COMMENTARY

Physician Approaches to Prostate Cancer Vary Widely

Gerald Chodak, MD

Disclosures

August 12, 2014


These authors conducted a retrospective review of people in the SEER program for men over age 65 years, totaling more than 12,000 patients treated by more than 140 urologists. They also looked at the relationship between seeing a radiation oncologist and the likelihood of receiving conservative therapy.

They found a wide variation in the likelihood of these men ending up with observation rather than some form of active treatment: from about 4.5% to 67% for those who saw a surgeon, and from 2% to about 45% for those who saw a radiation oncologist. In fact, men who saw both a urologist and a radiation oncologist were much more likely to receive active treatment. In all, 70% of men between age 66 and 70 years received active treatment, not observation; even for the men over age 80, 50% received active treatment and only 50% received observation. Thus, this study shows us the wide variation in practice across doctors and across specialties. The next question is, what do we do about that?

Study Limitations

There are limitations to the study that we need to acknowledge. For example, the study was retrospective, looking at records from 2006 to 2009. With the recent attention given to conservative therapy, practice may have changed significantly in the past 5 years, even for the doctors who were part of this survey.

Another problem is that we have no idea what men were told when they were presented with treatment options for a low-risk cancer in that age group. It is possible that some doctors did not discuss observation or were negative about it; or, doctors may have presented and discussed it, even encouraged it, but the patient and his partner may have been unwilling to accept that recommendation. It may be anxiety or family history that drives patients' decisions. Thus, there are factors that may be influencing this outcome that we cannot determine.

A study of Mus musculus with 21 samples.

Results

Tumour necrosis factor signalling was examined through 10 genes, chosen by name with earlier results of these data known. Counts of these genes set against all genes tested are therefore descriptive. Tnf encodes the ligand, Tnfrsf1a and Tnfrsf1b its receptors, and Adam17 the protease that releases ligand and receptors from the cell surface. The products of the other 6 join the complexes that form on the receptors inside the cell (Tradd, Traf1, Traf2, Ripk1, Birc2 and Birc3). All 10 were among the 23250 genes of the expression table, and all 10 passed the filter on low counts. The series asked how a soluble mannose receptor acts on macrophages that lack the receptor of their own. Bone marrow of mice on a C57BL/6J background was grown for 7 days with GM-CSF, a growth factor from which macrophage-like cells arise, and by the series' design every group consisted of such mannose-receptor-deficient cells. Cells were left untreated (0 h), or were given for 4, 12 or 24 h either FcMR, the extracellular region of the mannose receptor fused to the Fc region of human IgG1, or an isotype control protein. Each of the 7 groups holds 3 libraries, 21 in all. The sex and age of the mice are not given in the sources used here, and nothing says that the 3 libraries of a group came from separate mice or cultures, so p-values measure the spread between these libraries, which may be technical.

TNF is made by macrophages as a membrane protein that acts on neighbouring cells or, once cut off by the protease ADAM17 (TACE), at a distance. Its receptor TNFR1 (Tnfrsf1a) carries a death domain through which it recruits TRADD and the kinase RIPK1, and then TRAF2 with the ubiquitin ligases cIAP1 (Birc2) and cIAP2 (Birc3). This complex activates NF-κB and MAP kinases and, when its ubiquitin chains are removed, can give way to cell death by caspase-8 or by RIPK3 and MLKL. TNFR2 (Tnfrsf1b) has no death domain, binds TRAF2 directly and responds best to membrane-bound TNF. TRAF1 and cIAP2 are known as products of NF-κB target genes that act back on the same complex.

In addition, there may have been an overestimation of the men who were treated conservatively, because for men who end up undergoing radical prostatectomy in the SEER database, the final pathology grade is the one that is recorded. This means that men who had low-risk disease on biopsy may have ended up with intermediate-risk disease at the time of radical prostatectomy, which would exclude them from the study.

What Can We Do About This?

A variety of recommendations have been suggested to reduce this wide variation in practice. One suggestion is to publish a database that informs patients about doctors' performance. If you see a given doctor, what is the likelihood that you are going to get treatment A, treatment B, or treatment C? In that way, patients would have an awareness of what to expect when they are informed by or receive advice from their doctors.

Another suggestion, which I have supported in the past, is to develop a standardized presentation not only about observation but about all of the other treatments. Doctors, of course, can add information, but standardized information would ensure that at least the available factual information is presented to patients. For example, one wonders how many of the men in the past 5 years have been informed about the results of the PIVOT trial[2] or the Scandinavian randomized trial[3] when discussing treatment, because those studies found no survival benefit to radical prostatectomy for men over 65.

In the end, we have a changing paradigm where an increasing number of doctors recognize that many men are being overtreated for prostate cancer, and it seems that in older men, who are less likely to benefit from treatment anyway, there is a great opportunity to increase their acceptance of observation with active surveillance.

I look forward to your comments. Thank you.